U.S. home prices rose a seasonally adjusted 1.7 percent from December to January, driven by a disproportionate number of sales in strong markets, according to a home-price index that tracks repeat sales of homes purchased with mortgages purchased or guaranteed by Fannie Mae and Freddie Mac.

The Federal Housing Finance Agency’s monthly House Price Index showed U.S. home prices down 6.3 percent from a year ago and 9.6 percent below their April 2007 peak.

U.S. home prices rose a seasonally adjusted 1.7 percent from December to January, driven by a disproportionate number of sales in strong markets, according to a home-price index that tracks repeat sales of homes purchased with mortgages purchased or guaranteed by Fannie Mae and Freddie Mac.

The Federal Housing Finance Agency’s monthly House Price Index showed U.S. home prices down 6.3 percent from a year ago and 9.6 percent below their April 2007 peak.

Because the index does not include mortgages too large or risky for Fannie and Freddie, it can understate both price increases and price declines.

FHFA said the unexpected increase in the index from December to January — the first in a year — was largely explained by changes in the geographic mix of sales, with stronger markets seeing a disproportionate share of transactions. Adjusting for that effect, home prices would still have crept up in January, but the change "would have been far less dramatic," FHFA said in a press release.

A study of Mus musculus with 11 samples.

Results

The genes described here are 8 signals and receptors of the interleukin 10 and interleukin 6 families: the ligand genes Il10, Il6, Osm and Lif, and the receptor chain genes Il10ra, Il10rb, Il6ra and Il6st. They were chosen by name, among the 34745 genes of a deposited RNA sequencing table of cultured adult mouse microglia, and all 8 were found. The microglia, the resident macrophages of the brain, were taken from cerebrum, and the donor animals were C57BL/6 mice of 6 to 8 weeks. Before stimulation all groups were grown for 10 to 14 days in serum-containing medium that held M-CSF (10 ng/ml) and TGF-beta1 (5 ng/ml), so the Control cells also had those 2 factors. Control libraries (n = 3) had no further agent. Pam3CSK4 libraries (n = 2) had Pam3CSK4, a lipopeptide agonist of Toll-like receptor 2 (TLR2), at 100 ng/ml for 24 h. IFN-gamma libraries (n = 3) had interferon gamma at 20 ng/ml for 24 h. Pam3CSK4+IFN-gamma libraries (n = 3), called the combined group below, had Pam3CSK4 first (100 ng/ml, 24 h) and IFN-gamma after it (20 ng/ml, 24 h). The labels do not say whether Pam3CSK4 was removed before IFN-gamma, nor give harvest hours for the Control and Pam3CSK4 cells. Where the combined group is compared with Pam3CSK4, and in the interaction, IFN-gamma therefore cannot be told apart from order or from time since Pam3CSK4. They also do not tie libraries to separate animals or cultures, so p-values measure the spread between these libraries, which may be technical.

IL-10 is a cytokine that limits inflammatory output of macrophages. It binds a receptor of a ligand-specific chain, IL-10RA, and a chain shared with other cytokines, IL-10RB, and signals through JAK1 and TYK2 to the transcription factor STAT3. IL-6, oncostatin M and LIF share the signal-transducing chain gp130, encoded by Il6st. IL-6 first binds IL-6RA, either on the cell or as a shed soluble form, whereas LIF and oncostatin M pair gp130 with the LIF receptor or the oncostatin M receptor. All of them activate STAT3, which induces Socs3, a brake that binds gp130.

Sales volumes were low during January, adding to the imprecision of the index, and FHFA warned that it could be subject to "significant" revision. A previously reported 0.1 percent increase in the index in December has been revised to a 0.2 percent decline.

All but one of nine Census divisions saw price gains between December 2008 and January 2009. The East North Central Division saw a 3.9 percent gain, followed by the South Atlantic (3.6 percent), New England (2 percent), Middle Atlantic (1.5 percent), West North Central (1 percent), Mountain (0.8 percent) and East South Central (0.6 percent). The index was unchanged in the West South Central Division, while prices were down 0.9 percent in the Pacific Census division.

Looking back a year, all nine Census divisions have seen price declines. The Pacific Census Division has seen the largest price drop (-21.1 percent), followed by the Mountain (-9.2 percent), South Atlantic (-8.3 percent), Middle Atlantic (-3.6 percent); New England (-2.4 percent), East North Central and East South Central (both -1.4 percent), West North Central (-1.1 percent) and West South Central (-0.4 percent).